Faith of My Fathers is a 1999 bestselling non-fiction book by United States Senator John McCain with Mark Salter. Published by Random House, it is part autobiography, part family memoir. It traces the story of McCain's life growing up, during his time in the United States Naval Academy, and his military service as a naval aviator before and during the Vietnam War. His story is interwoven with those of his father John S. "Jack" McCain, Jr. and his grandfather John S. "Slew" McCain, Sr., both four-star admirals in the Navy.
|Faith of My Fathers|
|Author||John McCain with Mark Salter|
|973.9/092/2 B 21|
|LC Class||E840.8.M467 A3 1999|
|Followed by||Worth the Fighting For|
McCain had rarely discussed his military experiences until the 1995 publication of Robert Timberg's The Nightingale's Song. After that book found critical praise, Timberg's literary agent tried to persuade McCain to write his own memoir on the subject; he was reluctant until she suggested he fold in the stories of his father and grandfather as well.
Publisher Random House paid McCain $500,000 for a two-book advance. Half went to McCain and half to Salter, McCain's longtime legislative aide. The book's themes were heavily influenced by McCain's literary tastes, such as Ernest Hemingway's For Whom the Bell Tolls, and its tone by Salter's gloomy view of human nature.
The book was released in late August 1999; during September, McCain went on a 15-city book tour, that dovetailed with campaign stops of his 2000 presidential campaign that would be formally announced later in the month.
The book was a commercial success, spending 24 weeks on the New York Times Best Seller list between September 1999 and March 2000, with a peak position of number two, and selling over 500,000 copies. Reviews of the book were almost all positive. McCain's royalties from the book were donated to charity.
The success of the book tour and the book's high number of sales led to it becoming a central part of the themes of McCain's 2000 presidential campaign, and represented a fundamental change in McCain using his Vietnam and prisoner experiences as a framing device for the narrative of his life.
The memoir was made into the 2005 television film Faith of My Fathers. McCain also wrote a sequel memoir, 2002's Worth the Fighting For, that covered his life after returning from Vietnam and as a politician.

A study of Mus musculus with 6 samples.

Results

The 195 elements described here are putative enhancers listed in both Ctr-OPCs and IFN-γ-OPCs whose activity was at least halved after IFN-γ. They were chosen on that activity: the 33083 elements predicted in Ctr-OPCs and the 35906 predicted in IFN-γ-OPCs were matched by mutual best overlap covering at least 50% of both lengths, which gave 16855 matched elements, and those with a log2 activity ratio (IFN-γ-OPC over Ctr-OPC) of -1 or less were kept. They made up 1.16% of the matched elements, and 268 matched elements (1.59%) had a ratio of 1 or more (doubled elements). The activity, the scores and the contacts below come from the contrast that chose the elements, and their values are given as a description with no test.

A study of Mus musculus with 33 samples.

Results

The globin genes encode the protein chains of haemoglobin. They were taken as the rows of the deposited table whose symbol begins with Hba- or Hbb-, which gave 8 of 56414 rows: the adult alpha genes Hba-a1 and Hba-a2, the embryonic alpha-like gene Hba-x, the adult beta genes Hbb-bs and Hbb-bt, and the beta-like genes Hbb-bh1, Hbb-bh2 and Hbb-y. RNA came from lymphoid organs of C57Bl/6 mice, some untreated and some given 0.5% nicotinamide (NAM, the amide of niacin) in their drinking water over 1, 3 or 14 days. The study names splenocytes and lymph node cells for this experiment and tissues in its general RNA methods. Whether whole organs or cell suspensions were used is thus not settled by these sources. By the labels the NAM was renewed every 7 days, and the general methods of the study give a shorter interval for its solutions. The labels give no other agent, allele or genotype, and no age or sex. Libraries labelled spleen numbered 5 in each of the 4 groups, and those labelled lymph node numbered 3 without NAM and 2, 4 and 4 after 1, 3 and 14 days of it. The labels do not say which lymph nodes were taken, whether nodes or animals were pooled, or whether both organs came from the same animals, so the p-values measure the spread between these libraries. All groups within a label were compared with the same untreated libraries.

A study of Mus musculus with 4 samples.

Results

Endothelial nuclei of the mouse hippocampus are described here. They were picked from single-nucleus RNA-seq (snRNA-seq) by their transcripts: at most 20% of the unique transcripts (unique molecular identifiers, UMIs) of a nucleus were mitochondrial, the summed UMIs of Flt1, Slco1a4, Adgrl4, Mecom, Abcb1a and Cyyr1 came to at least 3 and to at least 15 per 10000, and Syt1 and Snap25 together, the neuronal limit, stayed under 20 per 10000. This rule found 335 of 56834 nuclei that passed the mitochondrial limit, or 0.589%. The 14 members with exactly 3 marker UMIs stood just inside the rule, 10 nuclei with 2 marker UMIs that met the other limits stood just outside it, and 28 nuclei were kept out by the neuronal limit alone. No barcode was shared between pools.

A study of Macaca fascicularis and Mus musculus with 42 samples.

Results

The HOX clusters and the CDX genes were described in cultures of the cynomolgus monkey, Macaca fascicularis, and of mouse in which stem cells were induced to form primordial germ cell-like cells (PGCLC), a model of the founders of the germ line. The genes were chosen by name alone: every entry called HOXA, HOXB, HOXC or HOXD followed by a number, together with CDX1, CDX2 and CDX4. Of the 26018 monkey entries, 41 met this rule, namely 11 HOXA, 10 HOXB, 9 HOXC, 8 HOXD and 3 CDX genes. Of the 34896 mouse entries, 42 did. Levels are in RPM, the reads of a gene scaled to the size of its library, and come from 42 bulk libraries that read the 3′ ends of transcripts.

Slew McCain commanded the aircraft carriers of Task Force 38 in the Pacific War in late 1944 and 1945, ultimately having 15 carriers and 8 battleships, plus their escorts, under his control for operations against Japan in July 1945. Jack McCain was a submariner in the U.S. Navy during the Pacific War, and later rose to four star rank and became Commander-in-Chief, Pacific Command (CINCPAC), commander of all U.S. forces in the Vietnam theater from 1968 to 1972. John McCain writes forthrightly of his rebellious and misspent youth, and his conflicts about following in his forefathers' steps.
The centerpiece of Faith of My Fathers is a lengthy account of McCain's five and half years as a prisoner of war in North Vietnamese camps, of the torturing and suffering he and his fellow prisoners endured, and the various kinds of faith that enabled him to carry on through the ordeal. It describes the injuries he sustained during his shoot-down and imprisonment, and the origin of why he cannot lift his arms above his shoulders. The book concludes with the release from captivity of him and the other POWs in 1973.
The following passage explains the book's title:
Glory belongs to the act of being constant to something greater than yourself, to a cause, to your principles. No misfortune, no injury, no humiliation can destroy it. This is the faith that my commanders affirmed, that my brothers-in-arms encouraged my allegiance to… It was my father and grandfather's faith. A filthy, broken man, all I had left of my dignity was the faith of my fathers. It was enough.